Tax rate stays
BOE dips into reserves to go to rollback rate
By Kathryn Purcell
In a unanimous vote, the Morgan County Board of Education approved a more than $29 million fiscal year (FY) 2009 budget at a called meeting on Monday, with the intention of being able to go to the rollback rate.
Projected expenditures totaled more than $29.4 million, a 3.85 percent increase from the FY 2008 budget, while projected revenues totaled close to $28.7 million.
The shortfall between projected expenditure and revenue, or over $755,000, is to be made up by drawing from reserves. By doing so, the Board is predicting being able to go to the rollback rate of 12.724 mils, according to Superintendent Stan DeJarnett.
"We tried to be as fiscally tight as we could, and I appreciate the budget committee's work because we were able to accomplish this and not cut into classroom expenses," DeJarnett said.
Expenditures include over $21.4 million in direct instruction, an increase of more than $741,000 from FY 2008 due primarily to the Governor Perdue and state Legislature-initiated 2.5 percent teacher pay raise, and $2 million in maintenance and operations, an increase of more than $125,000 from FY 2008. Expenditures also include $1.9 million in school administration, $1 million in pupil services, $528,000 in system administration and more than $345,000 in business and finance support services, all of which increased from the FY 2008 proposed budget.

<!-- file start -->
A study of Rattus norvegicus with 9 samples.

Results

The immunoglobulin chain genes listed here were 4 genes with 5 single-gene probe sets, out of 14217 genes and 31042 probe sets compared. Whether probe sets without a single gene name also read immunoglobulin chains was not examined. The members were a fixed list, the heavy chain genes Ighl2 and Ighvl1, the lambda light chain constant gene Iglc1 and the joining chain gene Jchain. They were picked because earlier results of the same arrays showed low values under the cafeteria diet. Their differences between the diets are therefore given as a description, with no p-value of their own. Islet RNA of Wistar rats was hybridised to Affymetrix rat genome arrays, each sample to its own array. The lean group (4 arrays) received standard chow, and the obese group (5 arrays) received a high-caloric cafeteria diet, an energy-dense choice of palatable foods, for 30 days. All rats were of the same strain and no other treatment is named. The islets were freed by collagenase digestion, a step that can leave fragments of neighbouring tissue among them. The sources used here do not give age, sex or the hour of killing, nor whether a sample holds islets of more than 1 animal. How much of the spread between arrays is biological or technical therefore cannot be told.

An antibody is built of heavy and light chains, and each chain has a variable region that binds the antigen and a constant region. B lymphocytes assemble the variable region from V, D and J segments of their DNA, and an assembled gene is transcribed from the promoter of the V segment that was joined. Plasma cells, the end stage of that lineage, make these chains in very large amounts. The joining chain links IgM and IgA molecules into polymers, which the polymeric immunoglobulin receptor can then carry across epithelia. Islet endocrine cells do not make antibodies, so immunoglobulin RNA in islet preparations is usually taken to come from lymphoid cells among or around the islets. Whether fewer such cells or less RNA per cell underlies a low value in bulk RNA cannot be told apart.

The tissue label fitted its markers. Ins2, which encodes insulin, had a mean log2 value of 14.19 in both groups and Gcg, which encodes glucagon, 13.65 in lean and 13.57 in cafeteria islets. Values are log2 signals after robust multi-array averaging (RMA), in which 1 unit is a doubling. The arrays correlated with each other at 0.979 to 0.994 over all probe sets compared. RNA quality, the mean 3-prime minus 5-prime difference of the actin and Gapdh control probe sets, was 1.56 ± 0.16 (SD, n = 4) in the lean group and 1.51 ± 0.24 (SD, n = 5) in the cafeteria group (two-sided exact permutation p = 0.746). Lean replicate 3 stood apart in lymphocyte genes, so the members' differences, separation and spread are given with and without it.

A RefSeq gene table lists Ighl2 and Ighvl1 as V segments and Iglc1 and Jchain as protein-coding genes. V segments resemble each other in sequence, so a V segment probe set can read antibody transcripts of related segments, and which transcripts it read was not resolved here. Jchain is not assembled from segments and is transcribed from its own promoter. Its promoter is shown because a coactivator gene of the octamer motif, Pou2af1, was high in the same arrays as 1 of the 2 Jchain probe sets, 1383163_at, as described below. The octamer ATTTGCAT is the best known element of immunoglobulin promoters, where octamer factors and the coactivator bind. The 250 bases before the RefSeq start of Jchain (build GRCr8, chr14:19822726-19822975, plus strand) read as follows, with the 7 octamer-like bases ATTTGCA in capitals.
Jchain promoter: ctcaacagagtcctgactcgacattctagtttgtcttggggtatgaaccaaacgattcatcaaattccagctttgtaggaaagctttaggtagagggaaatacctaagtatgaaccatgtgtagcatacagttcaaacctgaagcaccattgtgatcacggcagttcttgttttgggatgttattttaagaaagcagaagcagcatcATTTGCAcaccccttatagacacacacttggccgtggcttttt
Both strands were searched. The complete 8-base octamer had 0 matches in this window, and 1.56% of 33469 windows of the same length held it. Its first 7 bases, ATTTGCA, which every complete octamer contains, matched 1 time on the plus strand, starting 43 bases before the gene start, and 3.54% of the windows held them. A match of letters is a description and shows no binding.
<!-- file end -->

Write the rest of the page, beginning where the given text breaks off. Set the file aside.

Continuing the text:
Other expenditures include $1.4 million in pupil transportation, almost $530,000 in educational media services, almost $128,000 in staff improvement and development and more than $15,000 in central and community support services, all of which decreased from the FY 2008 proposed budget.
The cost of fuel is part of the amount budgeted for pupil transportation. While the budgeted total in that area decreased from FY 2008, the amount budgeted for fuel increased from $220,000 to $325,000, according to DeJarnett.
"We were able to control our budget," DeJarnett said, in a phone interview. "We cut it to the bone in maintenance and operations...We cut travel, we cut maintenance and operations, we left a couple of non-teaching positions vacant, anything we could do to keep the cost down."
Revenues are set to total close to $28.7 million, with $15 million generated from state sources, $12.9 million from ad valorem taxes, a more than $1.4 million increase from FY 2008, and more than $730,000 from other local sources.
"I was very impressed with the superintendent and how he cut the budget," Board member Dave Belton said. "I know this is a 3.8 percent increase, but 2.5 percent of that was from the state governor. We did not pay for the 2.5 percent teacher rate increase and [with] the increase in gas prices that 3.8 percent increase, it's really amazing how low that is. The year before we had a 9.95 percent increase, the year before that we had 9.81 [percent] increase. I think the story should be how well we did in getting back to the rollback rate."
Additionally, in regard to federal and lottery funds and School Nutrition funding, the School Nutrition program is slated to receive more than $1.6 million, while the system will receive $709,000 in No Child Left Behind Act funding, $644,000 in federal special education grants, $203,000 in lottery funds for the Pre-Kindergarten program and $28,000 in federal vocational grant money.